TOHOKU Akita Mountains, forests, invigorating onsen and outdoor fun
With hot springs, a well-preserved samurai district and natural scenic beauty, Akita is a place to relax while connecting with Japanese history and culture
How to Get There
Akita can be accessed by the JR Akita Shinkansen from Tokyo, Sendai and Morioka, as well as by car, local train and airplane from other areas in Japan.
Flights operated by JAL and ANA make Akita accessible from Nagoya, Osaka, Sapporo and Tokyo. A flight from Tokyo Haneda Airport to Akita Airport is the easiest and quickest method of transport from Tokyo. The direct Komachi bullet train on the JR Akita Shinkansen line between Tokyo and Akita takes around four hours. There are hourly departures, and the journey is covered by the Japan Rail Pass, JR East Tohoku Area Pass and JR East South Hokkaido Pass. There are also a number of long-distance buses from Tokyo to Akita. The journey takes around eight hours.
- Scaling the summit of Mt. Hachimantai, particularly beautiful in autumn when the leaves change colors
- Soaking in Goshogake Onsen's volcanic mud and outdoor hot springs
- Visiting Yokote in winter to join the town’s 400-year-old Kamakura Snow Festival
- The breathtaking displays of light and music of Japan's National Fireworks Competition in Omagari
Explore Akita by Area
Trending Attractions in Akita
Kaba Cherry-Bark Crafts
Pairing exposed bark with elegant forms, homeware and accessories crafted from mountain cherry bark are one-of-a-kind pieces. Kaba zaiku—an 18th-century craft expanded by low-ranking officers making pill boxes and seal holders—are often made out of 12 bark types.
Hatahata are sandfish that love the cold waters around Akita in winter. They're prized for their rich umami flavor and are a staple of winter hot pots in Akita.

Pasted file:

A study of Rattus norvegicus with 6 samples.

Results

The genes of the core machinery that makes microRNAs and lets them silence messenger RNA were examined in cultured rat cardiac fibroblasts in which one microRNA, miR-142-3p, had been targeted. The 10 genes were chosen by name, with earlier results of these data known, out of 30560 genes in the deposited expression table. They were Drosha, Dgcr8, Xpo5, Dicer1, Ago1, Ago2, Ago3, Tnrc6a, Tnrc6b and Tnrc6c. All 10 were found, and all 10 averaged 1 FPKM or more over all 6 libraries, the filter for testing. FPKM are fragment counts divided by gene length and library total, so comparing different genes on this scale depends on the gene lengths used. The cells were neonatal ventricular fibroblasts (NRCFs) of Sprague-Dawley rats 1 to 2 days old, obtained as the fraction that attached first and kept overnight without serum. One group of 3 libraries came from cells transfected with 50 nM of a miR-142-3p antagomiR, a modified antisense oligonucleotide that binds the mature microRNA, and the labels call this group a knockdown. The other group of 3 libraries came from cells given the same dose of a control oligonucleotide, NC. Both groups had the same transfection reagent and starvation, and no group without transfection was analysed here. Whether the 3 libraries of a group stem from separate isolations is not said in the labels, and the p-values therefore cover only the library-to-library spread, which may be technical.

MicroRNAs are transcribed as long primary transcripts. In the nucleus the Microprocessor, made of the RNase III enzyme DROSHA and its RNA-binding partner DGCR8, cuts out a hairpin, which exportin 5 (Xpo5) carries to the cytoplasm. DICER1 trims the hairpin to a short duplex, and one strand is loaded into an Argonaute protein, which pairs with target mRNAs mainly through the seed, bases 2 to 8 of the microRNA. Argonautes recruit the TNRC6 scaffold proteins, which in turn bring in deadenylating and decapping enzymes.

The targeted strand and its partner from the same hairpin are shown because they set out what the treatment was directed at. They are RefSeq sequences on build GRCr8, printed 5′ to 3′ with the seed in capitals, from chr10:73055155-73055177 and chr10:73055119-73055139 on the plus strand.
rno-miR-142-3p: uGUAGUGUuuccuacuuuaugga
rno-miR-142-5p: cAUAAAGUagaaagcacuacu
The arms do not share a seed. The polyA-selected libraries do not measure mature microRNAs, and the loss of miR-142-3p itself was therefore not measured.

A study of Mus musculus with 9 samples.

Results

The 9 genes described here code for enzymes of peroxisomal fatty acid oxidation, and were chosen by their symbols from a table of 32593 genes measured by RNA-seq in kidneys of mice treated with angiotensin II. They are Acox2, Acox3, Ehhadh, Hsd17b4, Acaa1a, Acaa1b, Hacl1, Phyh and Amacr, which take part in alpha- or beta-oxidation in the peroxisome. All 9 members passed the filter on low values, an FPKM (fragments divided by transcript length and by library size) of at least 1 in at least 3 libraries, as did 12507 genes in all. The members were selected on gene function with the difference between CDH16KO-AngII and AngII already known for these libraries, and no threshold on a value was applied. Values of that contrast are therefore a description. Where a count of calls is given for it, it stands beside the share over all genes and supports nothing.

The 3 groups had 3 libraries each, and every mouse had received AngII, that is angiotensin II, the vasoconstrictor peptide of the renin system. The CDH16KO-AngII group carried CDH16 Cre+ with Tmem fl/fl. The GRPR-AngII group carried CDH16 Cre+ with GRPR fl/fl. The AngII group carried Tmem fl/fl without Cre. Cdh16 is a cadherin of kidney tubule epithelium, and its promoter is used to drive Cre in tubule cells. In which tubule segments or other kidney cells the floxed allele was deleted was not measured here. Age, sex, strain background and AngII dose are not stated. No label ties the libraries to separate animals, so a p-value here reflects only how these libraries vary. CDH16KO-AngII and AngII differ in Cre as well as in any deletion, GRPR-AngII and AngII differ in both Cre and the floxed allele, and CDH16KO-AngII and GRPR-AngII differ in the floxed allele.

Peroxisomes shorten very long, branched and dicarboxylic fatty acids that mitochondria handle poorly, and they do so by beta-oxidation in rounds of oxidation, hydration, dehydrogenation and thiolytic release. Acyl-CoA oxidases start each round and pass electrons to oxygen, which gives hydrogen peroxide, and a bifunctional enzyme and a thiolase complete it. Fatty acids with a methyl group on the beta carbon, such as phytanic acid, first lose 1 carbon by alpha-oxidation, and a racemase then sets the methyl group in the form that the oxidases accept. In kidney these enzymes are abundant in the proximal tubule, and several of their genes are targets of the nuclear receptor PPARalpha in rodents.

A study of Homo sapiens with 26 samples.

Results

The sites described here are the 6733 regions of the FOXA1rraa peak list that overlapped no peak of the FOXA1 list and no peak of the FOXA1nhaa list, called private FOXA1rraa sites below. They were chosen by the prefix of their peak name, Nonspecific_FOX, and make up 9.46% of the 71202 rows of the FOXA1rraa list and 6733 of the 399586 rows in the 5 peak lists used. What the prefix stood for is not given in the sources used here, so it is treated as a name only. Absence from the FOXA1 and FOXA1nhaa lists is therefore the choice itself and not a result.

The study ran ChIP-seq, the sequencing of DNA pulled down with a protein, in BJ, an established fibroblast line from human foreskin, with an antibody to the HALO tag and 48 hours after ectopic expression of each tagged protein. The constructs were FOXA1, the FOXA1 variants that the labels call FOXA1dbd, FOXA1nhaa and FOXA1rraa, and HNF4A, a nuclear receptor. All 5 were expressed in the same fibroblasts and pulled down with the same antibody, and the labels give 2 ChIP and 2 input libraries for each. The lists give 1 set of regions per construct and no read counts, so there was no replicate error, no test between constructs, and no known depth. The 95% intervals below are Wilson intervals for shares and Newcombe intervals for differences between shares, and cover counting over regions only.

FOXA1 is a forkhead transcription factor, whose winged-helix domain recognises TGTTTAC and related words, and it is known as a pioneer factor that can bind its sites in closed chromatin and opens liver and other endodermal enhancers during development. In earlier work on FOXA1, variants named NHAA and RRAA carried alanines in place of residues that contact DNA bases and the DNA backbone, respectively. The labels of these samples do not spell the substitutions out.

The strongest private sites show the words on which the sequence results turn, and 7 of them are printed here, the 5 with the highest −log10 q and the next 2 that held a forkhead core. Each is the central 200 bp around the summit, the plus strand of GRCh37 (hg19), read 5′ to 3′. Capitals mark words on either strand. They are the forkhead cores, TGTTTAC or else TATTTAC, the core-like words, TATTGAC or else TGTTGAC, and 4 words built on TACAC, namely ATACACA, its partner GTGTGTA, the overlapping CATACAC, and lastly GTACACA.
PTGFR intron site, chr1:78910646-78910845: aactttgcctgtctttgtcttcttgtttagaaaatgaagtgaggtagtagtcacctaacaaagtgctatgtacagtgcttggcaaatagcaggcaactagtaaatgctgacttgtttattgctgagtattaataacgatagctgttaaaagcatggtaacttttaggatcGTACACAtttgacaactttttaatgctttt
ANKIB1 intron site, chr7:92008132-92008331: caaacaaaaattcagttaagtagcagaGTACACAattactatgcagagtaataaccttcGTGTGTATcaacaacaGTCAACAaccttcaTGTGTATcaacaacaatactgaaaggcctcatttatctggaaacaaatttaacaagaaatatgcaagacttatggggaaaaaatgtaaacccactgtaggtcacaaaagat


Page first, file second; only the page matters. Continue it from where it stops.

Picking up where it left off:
One of Japan's three top breeds, Hinai chicken are free-range birds considered so delicious they were once offered as tribute to local samurai lords instead of rice. Because they are prepared and served fresh, raw meat is also on the menu.
Inaniwa udon are thin, chewy noodles with a silky texture, made with a family technique passed down since 1665. Each noodle is inspected for imperfections before being served.
Kisakata iwagaki are giant, wild oysters from the rocky, chilly depths of the Japan Sea famous for their creamy appearance and fresh, clean taste with briny afternotes. An absolute must for oyster lovers when in season in July and August.
Freshly cooked rice pounded and wrapped around a skewer of Japanese cedar and toasted over an open hearth, kiritanpo is eaten with sweet miso or as dumplings in soup. Akita's rice equivalent of rigatoni pasta.
There is more to Kawatsura shikki than meets the eye. Perfect for everyday use, this lacquerware owes its durability to meticulously painted base coats—a technique honed on military gear centuries ago.
Odate Cedarwood Crafts
This elegant bentwood ware has a humble heritage. In the early 1600s, widespread poverty led low-ranking military officers to pick up this trade. Odate cedar continues to be transformed into shapely homewares, including the original bento lunch box.
Akita's springtime brings the bloom of thousands of cherry blossom trees, best enjoyed along the scenic rivers and in parks and among the historic samurai buildings in Kakunodate.
The hot summer is the perfect time to enjoy Akita’s many lakes and valleys, where crystal-clear blue water, boating activities and outdoor adventures await.
In fall Akita is energized with vibrant foliage, making it the perfect time to soak in outdoor onsen while appreciating the natural landscapes.
Though temperatures drop in winter, life heats up for people in Akita in the form of festivals celebrating fireworks, igloos and Japanese culture.